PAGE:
Outlook not great for hard Brexiteers of May’s cabinet
May has invited full cabinet, where most favour a softer Brexit, to Chequers away day
Labour party leader Jeremy Corbyn during prime minister’s questions. Photograph: PA Wire
There was a torpid quality to prime minister’s questions on Wednesday, with empty seats scattered throughout the chamber and both Theresa May and Jeremy Corbyn below their unexceptional best. With cabinet members knocking lumps out of one another in public all week, the Labour leader had a wealth of material to choose from as he tormented the prime minister by quoting her own ministers’ remarks back to her.
Corbyn portrayed the Conservatives’ feuding over Brexit as evidence that the government is unable to agree a common position as the time left to negotiate is measured in weeks rather than months. But a moment of resolution may be approaching, and it isn’t looking auspicious for the hard Brexiteers in May’s cabinet.
Next week’s away day at Chequers will not, as Corbyn suggested on Wednesday, be a “pyjama party” but a one-day meeting where, according to No 10, the dress code will be business attire. May has invited the full cabinet, where a majority favour a softer Brexit, rather than just the Brexit subcommittee, where hardliners are now a majority.
They are due to discuss outstanding issues in the negotiations, including what Britain wants in terms of regulatory alignment, ahead of the publication of a white paper outlining the government’s position on the future relationship with the EU.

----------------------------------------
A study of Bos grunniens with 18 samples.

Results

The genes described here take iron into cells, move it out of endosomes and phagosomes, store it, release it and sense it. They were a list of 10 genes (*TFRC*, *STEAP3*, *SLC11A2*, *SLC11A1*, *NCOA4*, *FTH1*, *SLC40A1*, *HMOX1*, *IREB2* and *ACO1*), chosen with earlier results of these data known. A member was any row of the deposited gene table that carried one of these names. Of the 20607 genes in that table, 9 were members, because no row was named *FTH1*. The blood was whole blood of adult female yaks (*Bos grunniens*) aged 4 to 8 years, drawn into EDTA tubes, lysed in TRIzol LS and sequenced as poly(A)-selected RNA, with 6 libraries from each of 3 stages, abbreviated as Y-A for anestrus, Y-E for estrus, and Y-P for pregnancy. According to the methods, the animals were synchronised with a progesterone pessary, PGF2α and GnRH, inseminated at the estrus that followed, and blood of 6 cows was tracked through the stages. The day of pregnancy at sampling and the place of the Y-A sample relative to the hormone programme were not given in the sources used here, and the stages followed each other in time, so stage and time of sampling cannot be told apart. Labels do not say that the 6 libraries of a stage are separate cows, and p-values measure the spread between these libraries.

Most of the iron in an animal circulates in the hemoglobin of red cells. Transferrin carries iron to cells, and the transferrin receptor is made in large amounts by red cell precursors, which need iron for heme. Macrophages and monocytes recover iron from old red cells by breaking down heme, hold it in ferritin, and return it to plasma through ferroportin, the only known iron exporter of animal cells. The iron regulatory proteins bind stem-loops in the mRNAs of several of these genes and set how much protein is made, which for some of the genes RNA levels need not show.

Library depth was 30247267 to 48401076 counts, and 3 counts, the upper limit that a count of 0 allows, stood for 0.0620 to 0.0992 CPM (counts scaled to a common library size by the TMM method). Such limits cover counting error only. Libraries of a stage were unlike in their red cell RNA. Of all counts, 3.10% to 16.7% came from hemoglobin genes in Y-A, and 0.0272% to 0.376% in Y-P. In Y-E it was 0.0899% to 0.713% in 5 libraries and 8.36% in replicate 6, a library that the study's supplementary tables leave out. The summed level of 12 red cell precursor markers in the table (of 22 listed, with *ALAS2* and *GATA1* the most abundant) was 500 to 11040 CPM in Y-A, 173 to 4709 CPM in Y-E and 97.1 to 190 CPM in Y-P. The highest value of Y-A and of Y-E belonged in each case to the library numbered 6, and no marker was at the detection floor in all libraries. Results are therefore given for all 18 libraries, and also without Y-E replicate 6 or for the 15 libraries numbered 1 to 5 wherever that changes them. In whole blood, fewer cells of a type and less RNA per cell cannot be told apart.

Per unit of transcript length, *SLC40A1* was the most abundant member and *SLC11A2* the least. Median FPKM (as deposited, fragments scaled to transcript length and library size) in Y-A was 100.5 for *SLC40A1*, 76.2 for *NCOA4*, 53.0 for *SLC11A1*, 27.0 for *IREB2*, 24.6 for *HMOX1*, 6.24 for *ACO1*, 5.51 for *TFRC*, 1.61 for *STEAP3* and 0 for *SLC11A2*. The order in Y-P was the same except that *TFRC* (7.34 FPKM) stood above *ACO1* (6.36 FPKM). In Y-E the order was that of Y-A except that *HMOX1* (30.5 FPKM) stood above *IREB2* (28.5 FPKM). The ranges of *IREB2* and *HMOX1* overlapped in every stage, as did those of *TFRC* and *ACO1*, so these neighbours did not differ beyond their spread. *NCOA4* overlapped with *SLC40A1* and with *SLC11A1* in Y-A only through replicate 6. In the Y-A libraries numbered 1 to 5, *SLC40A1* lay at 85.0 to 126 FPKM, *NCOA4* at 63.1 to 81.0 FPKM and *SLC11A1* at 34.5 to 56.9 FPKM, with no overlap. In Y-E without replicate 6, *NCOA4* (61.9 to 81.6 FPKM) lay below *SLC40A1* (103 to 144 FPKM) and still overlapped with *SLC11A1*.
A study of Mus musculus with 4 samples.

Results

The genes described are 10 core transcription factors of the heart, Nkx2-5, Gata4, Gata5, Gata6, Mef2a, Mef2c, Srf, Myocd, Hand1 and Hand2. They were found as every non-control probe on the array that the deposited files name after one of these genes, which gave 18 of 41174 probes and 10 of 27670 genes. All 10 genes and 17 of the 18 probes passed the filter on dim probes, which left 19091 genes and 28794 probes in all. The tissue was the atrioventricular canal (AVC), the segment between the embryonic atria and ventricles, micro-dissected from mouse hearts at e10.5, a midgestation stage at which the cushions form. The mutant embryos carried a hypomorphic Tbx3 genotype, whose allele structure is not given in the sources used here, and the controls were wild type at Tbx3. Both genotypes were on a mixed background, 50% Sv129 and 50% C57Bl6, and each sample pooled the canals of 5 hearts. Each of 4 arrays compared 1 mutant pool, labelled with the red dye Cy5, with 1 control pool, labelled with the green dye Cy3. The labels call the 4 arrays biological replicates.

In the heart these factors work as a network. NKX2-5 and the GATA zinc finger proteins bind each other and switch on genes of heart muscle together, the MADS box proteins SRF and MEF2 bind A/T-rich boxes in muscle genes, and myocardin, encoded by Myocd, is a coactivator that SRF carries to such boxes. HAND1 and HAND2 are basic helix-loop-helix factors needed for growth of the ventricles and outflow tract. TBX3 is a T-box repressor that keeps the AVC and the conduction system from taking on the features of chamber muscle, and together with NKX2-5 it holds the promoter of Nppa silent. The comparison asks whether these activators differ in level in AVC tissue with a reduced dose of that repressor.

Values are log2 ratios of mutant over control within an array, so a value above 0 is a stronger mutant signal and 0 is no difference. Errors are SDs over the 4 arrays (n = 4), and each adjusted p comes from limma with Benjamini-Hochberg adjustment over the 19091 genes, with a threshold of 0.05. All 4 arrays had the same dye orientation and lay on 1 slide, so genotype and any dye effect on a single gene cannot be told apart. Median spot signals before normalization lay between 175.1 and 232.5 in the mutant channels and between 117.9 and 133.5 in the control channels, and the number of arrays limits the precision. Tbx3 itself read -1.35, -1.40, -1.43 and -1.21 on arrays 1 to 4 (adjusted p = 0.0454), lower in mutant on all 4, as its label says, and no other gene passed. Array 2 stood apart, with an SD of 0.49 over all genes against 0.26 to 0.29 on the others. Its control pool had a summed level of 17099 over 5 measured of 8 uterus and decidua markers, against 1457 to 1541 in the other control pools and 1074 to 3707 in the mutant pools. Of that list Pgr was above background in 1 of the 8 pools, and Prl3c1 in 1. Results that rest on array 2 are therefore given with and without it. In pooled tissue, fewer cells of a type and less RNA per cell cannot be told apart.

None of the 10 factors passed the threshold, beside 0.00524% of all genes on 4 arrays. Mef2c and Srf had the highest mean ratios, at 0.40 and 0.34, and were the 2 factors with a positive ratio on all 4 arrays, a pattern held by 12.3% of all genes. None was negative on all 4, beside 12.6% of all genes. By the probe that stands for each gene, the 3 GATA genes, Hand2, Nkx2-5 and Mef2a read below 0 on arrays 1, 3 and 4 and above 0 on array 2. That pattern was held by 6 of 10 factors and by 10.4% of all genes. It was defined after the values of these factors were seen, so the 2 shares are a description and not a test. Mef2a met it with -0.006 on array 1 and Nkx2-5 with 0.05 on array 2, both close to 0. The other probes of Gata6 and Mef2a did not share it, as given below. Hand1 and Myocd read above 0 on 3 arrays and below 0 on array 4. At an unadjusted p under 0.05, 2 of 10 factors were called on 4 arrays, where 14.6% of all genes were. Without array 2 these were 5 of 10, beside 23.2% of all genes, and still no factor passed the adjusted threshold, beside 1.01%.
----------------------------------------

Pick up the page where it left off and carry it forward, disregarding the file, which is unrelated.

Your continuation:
The white paper is due to be published in the week of July 9th, a few days after the Chequers meeting, so ministers will have little time to influence its contents. May and her allies want the cabinet to give Britain’s negotiators latitude to push for closer regulatory alignment with the EU than many hard Brexiteers believe is compatible with the referendum result or with the red lines the prime minister laid out in her Lancaster House speech last year.
May compromised those red lines – no customs union, no single market, no jurisdiction for the European Court of Justice – in her Mansion House speech this year. The white paper is likely to move her further away from those preconditions, calling for regulatory alignment for goods.
Business secretary Greg Clark went further this week, calling for single market access for services and a “labour mobility framework” that sounds suspiciously like free movement.
For their part, the Brexiteers will seek to lay down new, deep crimson lines that will fix the ne plus ultra to the march of the prime minister’s compromises on the way to a Brexit deal later this year.